Katharina von Bora (1499-1552)

Luther's Wife

“When I became personally acquainted with Martin, he was already a famous man. He had posted his theses and his time in protective custody in Wartburg Castle, during which he translated the Bible into German, was behind him. At that time, no one suspected what the Reformation would mean for the world.”

From novice to nun to the wife of probably the most famous of the Reformers – Katharina von Bora, the strong woman at Luther’s side. It was whilst she was a nun that Katharina read Martin Luther’s early writings, which were also critical of monastic life. She had had enough of it herself. With Luther’s help, she fled from Nimbschen Abbey, near Grimma, with eleven other nuns, in 1523 and lived for some time in Wittenberg with the Cranach family – good friends of Luther.

“A marriage between us was inconceivable at that point. He even wanted to matchmake for me. So I confessed that I would either marry him or no one, and finally became his “Käthe” in 1525. Sometimes, he also called me “Mr Käthe”, when he thought it necessary to comment on my assertiveness. It was not only as a preacher that Martin spoke clearly.”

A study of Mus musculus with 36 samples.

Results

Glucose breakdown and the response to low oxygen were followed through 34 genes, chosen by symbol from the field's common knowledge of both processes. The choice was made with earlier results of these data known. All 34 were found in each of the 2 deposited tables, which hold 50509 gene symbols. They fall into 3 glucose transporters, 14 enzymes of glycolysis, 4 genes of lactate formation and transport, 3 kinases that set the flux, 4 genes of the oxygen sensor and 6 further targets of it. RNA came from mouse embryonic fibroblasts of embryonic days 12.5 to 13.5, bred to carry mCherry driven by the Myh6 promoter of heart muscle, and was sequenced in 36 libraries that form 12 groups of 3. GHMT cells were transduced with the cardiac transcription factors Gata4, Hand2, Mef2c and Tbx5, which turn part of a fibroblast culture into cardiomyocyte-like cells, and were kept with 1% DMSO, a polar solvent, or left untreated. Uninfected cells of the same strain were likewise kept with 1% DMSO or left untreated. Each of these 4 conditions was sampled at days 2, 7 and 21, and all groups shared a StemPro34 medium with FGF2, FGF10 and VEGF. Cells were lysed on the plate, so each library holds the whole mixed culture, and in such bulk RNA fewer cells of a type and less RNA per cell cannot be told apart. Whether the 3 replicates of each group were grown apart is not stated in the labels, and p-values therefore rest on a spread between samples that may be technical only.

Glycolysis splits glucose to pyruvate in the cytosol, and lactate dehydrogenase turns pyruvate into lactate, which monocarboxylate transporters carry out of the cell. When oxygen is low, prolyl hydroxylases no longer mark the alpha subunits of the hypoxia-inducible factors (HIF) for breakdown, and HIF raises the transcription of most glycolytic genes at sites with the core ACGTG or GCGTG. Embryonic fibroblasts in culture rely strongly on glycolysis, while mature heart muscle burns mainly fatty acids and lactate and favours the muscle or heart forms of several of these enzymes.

And there is no doubt that she was assertive – she was an enterprising woman who managed a farm in addition to the large household, operated a brewery and leased a tributary of the Elbe for a fish farm. She also ran a hospice, where she and other women looked after the sick – and she did all of that as a mother of six children. After Luther’s death in 1546, she fled to Dessau and Magdeburg with her children to escape from the Schmalkaldic War. When she returned to Wittenberg, her land and buildings had been laid waste, putting her in a state of financial hardship. Together with her daughter Margarete, Katharina von Bora fled from Wittenberg again in the summer of 1552, this time from the plague. She was injured in an accident with her cart on the way to Torgau and died of the consequences of this on 29 December. She was buried at St. Mary’s Church in Torgau.